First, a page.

It is the fight for the global Internet supply: Google acquired the drone manufacturer Titan Aerospace on Monday – a start up Facebook had shown interest in as well.  The technology giants battle to develop their influence in the remote areas of the world.

The New Mexico based start- up Titan Aerospace specialises in developing jet-sized drones that are intended to fly nonstop for years at heights of over 19 kilometres.

The technology will support Google in connecting more people around the world to the Internet via air.  Titan is predicted to participate in Google’s project ‘Loon’, which will bring Internet connection to the far corners of the earth by installing antennas on large, high-altitude balloons.

According to Titan the drones can also take real-time images of the earth in high resolution, as well as measurements of the atmosphere and feature data and voice services. These technologies will support other Google businesses, such as Google Maps.

Titan outlined that its drones can deliver data at speeds of up to one gigabit a second, which is considerably faster than the current speeds in most developed countries. The drones are currently in a development stage and will be powered with solar energy.

Facebook started reviewing drone manufactures six months earlier and established an internal group that focuses on developing new ways to provide Internet services to places that are not online.After Facebook had begun talks with Titan, the company was approached by Google, which said it could trump whatever price Facebook was offering. Google declined to comment further on the talks and the price for the acquisition was not disclosed.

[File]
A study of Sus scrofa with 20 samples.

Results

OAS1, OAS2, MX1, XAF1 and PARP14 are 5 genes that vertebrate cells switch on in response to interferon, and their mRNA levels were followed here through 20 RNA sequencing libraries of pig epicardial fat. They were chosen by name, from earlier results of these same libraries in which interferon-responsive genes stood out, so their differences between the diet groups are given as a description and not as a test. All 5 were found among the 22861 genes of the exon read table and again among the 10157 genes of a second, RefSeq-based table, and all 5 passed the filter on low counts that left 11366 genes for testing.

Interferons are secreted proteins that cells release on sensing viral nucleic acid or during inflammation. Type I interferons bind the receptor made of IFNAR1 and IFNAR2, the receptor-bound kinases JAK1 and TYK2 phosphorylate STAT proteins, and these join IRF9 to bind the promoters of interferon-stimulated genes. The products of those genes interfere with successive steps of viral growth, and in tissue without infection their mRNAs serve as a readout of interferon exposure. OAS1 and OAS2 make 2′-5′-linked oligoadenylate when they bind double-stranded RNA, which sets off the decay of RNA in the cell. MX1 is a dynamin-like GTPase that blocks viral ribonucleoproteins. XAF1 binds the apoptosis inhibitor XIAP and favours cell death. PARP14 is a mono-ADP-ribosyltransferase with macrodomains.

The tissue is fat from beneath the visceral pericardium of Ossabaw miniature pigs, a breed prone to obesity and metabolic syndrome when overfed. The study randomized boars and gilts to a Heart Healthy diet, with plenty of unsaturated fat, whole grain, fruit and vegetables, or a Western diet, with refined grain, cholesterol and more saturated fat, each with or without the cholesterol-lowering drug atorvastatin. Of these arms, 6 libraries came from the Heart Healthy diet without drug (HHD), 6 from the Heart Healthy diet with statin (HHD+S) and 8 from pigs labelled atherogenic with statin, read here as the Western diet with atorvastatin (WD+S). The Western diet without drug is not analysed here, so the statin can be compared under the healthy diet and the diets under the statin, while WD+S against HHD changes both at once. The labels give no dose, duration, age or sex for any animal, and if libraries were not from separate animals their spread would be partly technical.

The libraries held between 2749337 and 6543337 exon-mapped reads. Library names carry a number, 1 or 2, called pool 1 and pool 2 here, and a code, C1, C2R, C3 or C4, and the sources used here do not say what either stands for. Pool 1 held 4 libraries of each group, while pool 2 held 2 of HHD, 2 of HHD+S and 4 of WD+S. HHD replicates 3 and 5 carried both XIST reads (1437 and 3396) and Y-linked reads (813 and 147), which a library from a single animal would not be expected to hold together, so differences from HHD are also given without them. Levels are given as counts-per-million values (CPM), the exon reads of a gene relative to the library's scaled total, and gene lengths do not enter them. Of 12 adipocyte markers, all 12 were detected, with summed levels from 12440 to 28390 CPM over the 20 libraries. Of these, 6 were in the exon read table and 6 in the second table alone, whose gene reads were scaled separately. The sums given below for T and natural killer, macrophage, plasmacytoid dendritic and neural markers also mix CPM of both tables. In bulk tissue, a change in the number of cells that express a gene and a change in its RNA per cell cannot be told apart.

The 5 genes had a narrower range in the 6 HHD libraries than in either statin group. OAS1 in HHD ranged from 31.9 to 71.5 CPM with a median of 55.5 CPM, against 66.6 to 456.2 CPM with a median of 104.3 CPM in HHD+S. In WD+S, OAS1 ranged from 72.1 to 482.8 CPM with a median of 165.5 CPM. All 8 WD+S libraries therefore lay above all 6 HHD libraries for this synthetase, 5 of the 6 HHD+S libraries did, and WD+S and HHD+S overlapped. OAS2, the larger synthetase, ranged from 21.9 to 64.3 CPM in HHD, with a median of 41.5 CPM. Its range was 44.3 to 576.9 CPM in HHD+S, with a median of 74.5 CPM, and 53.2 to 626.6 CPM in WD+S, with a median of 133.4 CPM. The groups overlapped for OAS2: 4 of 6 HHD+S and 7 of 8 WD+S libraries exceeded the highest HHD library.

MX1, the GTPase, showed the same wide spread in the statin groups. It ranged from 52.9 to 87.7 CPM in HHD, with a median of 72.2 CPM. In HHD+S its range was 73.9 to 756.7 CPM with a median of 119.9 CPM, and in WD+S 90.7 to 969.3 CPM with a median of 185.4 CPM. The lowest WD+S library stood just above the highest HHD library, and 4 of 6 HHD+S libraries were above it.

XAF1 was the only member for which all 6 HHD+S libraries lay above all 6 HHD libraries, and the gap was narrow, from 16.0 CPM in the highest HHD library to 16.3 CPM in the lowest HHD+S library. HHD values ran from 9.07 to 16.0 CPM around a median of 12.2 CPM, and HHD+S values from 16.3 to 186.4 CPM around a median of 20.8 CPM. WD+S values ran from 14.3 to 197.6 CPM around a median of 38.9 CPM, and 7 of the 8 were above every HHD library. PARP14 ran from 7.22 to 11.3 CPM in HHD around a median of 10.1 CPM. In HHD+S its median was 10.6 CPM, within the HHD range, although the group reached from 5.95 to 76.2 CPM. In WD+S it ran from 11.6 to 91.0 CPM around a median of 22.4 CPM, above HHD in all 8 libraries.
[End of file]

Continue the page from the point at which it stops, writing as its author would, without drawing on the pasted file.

It is likely that Google and Facebook want to control as much of the infrastructure themselves – taking it to the skies must seem a gratifying way to leave all earthbound adversaries behind. From a logistic point of view this was a great move as well, as the sky will be a much more cost effective and efficient way to build connectivity than the labour-intensive line construction on earth.

It is still early, however this innovative approach could help to bring Internet access to millions of people, improve communication and help to solve other problems, including disaster relief and environmental problems.  The access to faster and better Internet will also open up countless new business opportunities, as developing countries will be able to connect to all kinds of online services.